Inc., since Kozan's termination by American Mutual, which accounts generated approximately $72,000 annual premium income to American Mutual.
We find that the contracts are reasonable as to time and geographic area. We find the damage to plaintiff from breach to be irreparable injury. We find that the contracts are reasonably necessary for the protection of plaintiff's property interests and good will, and that the harm inflicted upon plaintiff from failure to enforce is greater than the harm imposed on defendant from its enforcement, and that plaintiff has a reasonable probability of success on the merits of its complaint.
Defendant's principal argument is that the contract is not enforceable under Pennsylvania law because the defendant Kozan's employment was involuntarily terminated. They cite a Pennsylvania County Court case to that effect, Judge Associates, Inc. v. Belchen, 71 D & C 2d 112 (Phila. Co. 1975), but the result of that case was due to the fact that the specific language of the non-competing agreement made it applicable only in the event that the employee voluntarily terminated his employment.
Other cases from the Pennsylvania Appellate courts have refused enforcement by an employer where there is a clear breach of the employment contract by the employer, a wrongful discharge. Boldt Machinery & Tools, Inc. v. Wallace, 469 Pa. 504, 366 A.2d 902 (1976), a plurality opinion found the territorial restraint overbroad, the five year period reasonable. There is no holding that involuntary termination of employment makes the clause unenforceable. The injunction was modified in part.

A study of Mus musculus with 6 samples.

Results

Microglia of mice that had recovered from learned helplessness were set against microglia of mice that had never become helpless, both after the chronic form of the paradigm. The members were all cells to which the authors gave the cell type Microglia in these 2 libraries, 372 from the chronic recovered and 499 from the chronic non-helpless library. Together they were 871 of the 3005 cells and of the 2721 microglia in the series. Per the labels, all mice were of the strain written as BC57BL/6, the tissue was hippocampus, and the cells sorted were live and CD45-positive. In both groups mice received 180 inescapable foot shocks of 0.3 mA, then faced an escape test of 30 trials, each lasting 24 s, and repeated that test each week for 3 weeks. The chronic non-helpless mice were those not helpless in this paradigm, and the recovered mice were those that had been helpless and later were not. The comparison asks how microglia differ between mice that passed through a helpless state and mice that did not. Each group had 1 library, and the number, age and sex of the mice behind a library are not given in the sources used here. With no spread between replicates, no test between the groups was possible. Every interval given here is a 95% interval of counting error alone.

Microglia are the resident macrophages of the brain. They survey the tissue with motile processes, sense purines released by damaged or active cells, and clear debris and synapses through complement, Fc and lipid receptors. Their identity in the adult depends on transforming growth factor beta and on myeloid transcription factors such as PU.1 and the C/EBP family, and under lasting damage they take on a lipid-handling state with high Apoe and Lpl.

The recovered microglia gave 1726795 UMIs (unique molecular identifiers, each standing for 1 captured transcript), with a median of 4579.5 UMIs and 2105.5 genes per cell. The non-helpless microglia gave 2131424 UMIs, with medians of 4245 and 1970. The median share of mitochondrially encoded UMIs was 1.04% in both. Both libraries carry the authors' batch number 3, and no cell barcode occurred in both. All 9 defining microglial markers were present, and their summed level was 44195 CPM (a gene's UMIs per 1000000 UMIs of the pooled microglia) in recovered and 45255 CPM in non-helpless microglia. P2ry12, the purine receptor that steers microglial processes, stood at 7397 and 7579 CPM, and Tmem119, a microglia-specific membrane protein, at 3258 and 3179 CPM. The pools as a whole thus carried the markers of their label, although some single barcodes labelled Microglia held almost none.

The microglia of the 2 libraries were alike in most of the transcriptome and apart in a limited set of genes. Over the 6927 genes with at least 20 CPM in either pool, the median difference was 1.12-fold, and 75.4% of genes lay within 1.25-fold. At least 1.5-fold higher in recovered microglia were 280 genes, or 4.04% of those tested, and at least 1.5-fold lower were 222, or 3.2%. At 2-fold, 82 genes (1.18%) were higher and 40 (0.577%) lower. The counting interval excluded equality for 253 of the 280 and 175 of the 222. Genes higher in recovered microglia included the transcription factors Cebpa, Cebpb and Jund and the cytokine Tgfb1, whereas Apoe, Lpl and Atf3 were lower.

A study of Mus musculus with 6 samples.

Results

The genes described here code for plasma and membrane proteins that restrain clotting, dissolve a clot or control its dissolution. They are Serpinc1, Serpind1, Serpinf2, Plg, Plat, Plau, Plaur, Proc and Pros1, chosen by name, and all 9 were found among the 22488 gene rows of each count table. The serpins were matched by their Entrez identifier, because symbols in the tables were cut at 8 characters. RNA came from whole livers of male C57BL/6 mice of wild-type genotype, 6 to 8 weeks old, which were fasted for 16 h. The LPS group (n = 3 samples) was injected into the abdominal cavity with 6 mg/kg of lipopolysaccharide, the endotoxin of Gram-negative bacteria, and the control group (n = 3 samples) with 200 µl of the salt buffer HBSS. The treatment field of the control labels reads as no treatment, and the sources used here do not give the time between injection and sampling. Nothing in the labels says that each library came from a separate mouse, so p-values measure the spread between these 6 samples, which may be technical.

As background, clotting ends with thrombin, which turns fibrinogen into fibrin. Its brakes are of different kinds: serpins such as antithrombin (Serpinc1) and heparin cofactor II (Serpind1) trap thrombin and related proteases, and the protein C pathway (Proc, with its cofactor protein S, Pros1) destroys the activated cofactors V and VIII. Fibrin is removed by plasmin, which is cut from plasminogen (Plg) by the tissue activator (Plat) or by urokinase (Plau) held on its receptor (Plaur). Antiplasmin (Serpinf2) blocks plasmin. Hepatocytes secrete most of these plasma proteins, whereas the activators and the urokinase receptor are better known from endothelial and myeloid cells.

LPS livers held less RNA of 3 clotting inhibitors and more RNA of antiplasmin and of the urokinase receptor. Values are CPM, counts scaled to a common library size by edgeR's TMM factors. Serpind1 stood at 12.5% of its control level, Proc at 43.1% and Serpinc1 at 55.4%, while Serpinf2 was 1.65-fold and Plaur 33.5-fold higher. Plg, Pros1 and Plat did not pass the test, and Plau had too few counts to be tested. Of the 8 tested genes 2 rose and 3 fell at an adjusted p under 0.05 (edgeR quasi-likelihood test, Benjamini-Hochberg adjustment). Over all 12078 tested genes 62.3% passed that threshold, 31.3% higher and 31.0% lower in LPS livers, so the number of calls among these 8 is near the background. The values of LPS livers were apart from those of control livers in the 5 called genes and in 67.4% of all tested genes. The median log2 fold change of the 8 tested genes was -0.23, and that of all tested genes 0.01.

Miles v. Metzger, 316 Pa. 211, 173 A. 285 (1934), has nothing to do with this case, only reciting the general principle that one who breaches a contract cannot take advantage of the breach in enforcement.
Ritz v. Music, Inc., 189 Pa. Super. 106, 150 A.2d 160 (1959), says that where a principal wrongfully discharges an agent prior to the expiration of the term of the contract, the agent is relieved of his covenant not to compete. The action was one in assumpsit for wrongful discharge. The defendant employer pleaded the breach of the covenant not to compete as a counterclaim. The jury found for the plaintiff holding the discharge in violation of the contract and the Superior Court affirmed the judgment, holding that the finding of wrongful discharge relieved the employee of other obligations.
The evidence in this case revealed no wrongful discharge. The employee Kozan knew from prior warnings that he was under probation and acknowledged the discharge as justified at the time of this termination. We find no wrongful breach of the employment contract that would justify refusal to enforce the non-compelling agreement.
NOW, this 5th day of April 1984, after hearing thereon IT IS ORDERED that the temporary restraining order issued on March 12, 1984, and continued after hearing on March 15, 1984 is now continued in effect as a preliminary injunction until a final hearing on this case, unless modified by further order of this court during the pendency of this action. The Bond previously posted shall remain in effect.